Why Real Mobsters Thought ‘The Sopranos’ Had a Source Inside the Mafia
In the final season of The Sopranos, Tony Soprano (James Gandolfini) becomes very close to Agent Harris of the FBI. Harris, who could never stay away from Satriale’s (the sandwiches were too good), eventually helps Tony track down his rival, Phil Leotardo (Frank Vincent).
Later, when Harris hears Leotardo has been killed, he accidentally celebrates in front of his FBI colleague. While that funny moment might not represent the way things actually run at the Bureau (we hope), that’s not to say The Sopranos didn’t get a lot right.
In the first episode of Season Three, agents plant wiretaps at the home of Tony Soprano. FBI agents were reportedly amazed at how that episode recreated the way they operate during a real investigation.
Meanwhile, numerous aspects of the Soprano organization matched actual characters and events in New Jersey mob history. For the mobsters themselves, it sometime hit a little too close to home.
FBI agents heard mobsters wonder where ‘Sopranos’ writers got their information.
Five years after the final Sopranos episode aired, the show’s cast and crew spoke with Vanity Fair in what became an oral history of the series. Terence Winter, a writer and producer who later created Boardwalk Empire, told the story of FBI agents who watched the show every Sunday.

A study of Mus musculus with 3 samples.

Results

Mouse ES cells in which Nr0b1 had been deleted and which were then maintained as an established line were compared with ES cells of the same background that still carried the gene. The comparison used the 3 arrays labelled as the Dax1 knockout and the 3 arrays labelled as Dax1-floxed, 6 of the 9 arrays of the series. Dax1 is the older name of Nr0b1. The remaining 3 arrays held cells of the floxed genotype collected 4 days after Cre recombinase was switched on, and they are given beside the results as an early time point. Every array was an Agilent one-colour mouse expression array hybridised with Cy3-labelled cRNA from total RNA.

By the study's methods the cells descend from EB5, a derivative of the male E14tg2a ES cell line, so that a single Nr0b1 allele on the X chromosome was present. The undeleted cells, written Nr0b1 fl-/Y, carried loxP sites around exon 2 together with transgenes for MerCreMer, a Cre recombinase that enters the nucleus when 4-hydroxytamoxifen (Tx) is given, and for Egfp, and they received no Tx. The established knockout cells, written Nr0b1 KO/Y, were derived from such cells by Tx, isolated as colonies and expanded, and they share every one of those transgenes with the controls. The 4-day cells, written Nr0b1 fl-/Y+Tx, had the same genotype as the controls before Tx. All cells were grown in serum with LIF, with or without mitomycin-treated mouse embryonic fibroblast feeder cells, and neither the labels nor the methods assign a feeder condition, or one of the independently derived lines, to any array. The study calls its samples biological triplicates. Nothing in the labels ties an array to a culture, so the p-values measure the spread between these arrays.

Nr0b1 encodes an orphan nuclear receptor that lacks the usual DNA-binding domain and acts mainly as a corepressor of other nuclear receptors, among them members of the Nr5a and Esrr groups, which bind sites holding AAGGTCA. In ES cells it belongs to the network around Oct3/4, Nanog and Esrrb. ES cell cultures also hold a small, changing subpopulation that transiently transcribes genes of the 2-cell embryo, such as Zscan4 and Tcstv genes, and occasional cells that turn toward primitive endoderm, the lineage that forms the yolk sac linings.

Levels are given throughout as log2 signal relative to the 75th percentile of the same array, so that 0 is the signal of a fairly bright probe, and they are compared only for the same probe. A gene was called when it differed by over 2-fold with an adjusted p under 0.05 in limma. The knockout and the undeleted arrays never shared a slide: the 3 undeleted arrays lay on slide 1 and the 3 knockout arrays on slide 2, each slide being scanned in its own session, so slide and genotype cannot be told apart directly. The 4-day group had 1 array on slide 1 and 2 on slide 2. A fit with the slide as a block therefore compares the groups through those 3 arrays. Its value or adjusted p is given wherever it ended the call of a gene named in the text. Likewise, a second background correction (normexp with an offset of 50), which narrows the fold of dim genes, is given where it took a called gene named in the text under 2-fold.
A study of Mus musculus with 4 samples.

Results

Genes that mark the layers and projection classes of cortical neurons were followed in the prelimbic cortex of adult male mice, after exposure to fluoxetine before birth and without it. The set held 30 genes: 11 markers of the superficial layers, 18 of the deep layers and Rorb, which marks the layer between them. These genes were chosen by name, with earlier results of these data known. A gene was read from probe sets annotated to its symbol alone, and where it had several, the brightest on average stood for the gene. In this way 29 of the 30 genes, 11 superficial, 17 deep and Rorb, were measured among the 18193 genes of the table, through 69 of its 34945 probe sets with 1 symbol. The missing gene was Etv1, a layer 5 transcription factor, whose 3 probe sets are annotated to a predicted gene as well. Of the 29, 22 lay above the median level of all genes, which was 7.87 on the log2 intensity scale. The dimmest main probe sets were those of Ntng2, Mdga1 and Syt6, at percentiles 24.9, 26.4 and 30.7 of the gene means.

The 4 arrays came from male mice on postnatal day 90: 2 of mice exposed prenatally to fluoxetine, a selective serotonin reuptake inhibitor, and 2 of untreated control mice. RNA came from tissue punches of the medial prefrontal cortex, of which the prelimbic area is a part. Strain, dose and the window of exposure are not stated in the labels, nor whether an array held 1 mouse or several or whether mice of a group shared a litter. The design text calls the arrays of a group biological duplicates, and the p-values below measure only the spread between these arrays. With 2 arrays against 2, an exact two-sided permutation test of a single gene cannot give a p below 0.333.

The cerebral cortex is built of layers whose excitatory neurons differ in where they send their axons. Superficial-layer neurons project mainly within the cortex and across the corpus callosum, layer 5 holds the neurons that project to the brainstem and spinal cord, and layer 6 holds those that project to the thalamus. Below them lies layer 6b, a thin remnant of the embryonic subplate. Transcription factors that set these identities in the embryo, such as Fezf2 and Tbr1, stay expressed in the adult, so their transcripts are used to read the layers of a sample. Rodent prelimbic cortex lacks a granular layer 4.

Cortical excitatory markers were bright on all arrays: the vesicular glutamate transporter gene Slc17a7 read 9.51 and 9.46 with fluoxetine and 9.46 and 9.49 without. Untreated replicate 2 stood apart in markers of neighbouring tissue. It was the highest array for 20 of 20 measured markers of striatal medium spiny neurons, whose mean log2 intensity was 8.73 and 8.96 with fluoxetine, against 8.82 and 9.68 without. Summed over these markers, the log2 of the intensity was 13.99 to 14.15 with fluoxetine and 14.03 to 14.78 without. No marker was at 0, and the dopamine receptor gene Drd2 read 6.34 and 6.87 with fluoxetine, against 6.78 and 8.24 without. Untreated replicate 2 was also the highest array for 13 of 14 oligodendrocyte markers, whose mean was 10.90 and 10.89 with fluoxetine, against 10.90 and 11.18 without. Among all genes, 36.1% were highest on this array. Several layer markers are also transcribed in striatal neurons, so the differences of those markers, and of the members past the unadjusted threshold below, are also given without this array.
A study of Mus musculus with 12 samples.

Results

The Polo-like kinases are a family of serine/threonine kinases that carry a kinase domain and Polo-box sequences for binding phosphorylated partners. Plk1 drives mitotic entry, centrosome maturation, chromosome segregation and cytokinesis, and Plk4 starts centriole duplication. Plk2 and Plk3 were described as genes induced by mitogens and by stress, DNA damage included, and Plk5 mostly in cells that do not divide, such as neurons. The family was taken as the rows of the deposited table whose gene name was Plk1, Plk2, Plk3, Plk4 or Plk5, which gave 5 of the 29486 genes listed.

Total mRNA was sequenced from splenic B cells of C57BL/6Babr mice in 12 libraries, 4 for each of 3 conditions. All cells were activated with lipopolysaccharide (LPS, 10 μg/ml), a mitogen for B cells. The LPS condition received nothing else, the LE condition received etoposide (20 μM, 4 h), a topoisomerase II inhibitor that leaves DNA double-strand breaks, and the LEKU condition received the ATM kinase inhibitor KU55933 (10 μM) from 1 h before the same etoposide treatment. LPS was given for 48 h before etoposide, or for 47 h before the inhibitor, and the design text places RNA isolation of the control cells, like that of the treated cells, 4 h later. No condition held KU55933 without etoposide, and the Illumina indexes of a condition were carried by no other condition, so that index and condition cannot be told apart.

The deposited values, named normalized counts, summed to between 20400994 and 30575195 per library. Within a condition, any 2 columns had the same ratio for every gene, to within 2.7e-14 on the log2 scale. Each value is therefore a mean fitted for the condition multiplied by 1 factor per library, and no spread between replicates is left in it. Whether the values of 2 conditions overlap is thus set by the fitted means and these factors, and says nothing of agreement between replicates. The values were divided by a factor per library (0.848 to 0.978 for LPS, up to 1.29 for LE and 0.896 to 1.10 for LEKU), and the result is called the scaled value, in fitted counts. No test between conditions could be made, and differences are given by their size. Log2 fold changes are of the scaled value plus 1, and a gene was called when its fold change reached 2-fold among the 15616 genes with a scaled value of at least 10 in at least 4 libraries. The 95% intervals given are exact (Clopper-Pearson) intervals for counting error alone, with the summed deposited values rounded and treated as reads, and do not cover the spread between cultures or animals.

Winter recalled agents telling him they’d discuss the latest episode on Mondays at work. But they weren’t the only ones. “They would listen to the wiretaps from that weekend, and it was Mob guys talking about The Sopranos,” Winter said.
Naturally, the FBI agents and mafiosos had very different takes on the show. However, one thing stuck out — both sides remarked on how realistic it seemed. “We would hear back that real wiseguys used to think that we had somebody on the inside,” Winter told Vanity Fair.
However, mobsters weren’t the only ones confusing a fictional TV show for their own world.
The actor who played Johnny Sac had a priest call him by his ‘Sopranos’ name.
Vincent Curatola, the actor who played New York boss John Sacrimoni (Johnny Sack), told Vanity Fair a story of his own that blended fact and fiction.
Once, while attending a different church one Sunday, he approached the priest to receive communion. Recognizing his new parishioner right away, the priest said, “Oh, Body of Christ, Johnny.”
Sopranos writers also had a knack for bringing the real lives of the cast into their characters. The most famous example might be the germophobia writers gave Paulie, as Tony Sirico was like that in real life. (Sirico also lived with his mother for a long time before she died.)
It was for that reason Gandolfini called the writers (including creator David Chase) “vampires.” Wherever the show’s writers could find convincing material, they’d go get it. Two decades after the show’s premiere, you can’t fault their technique.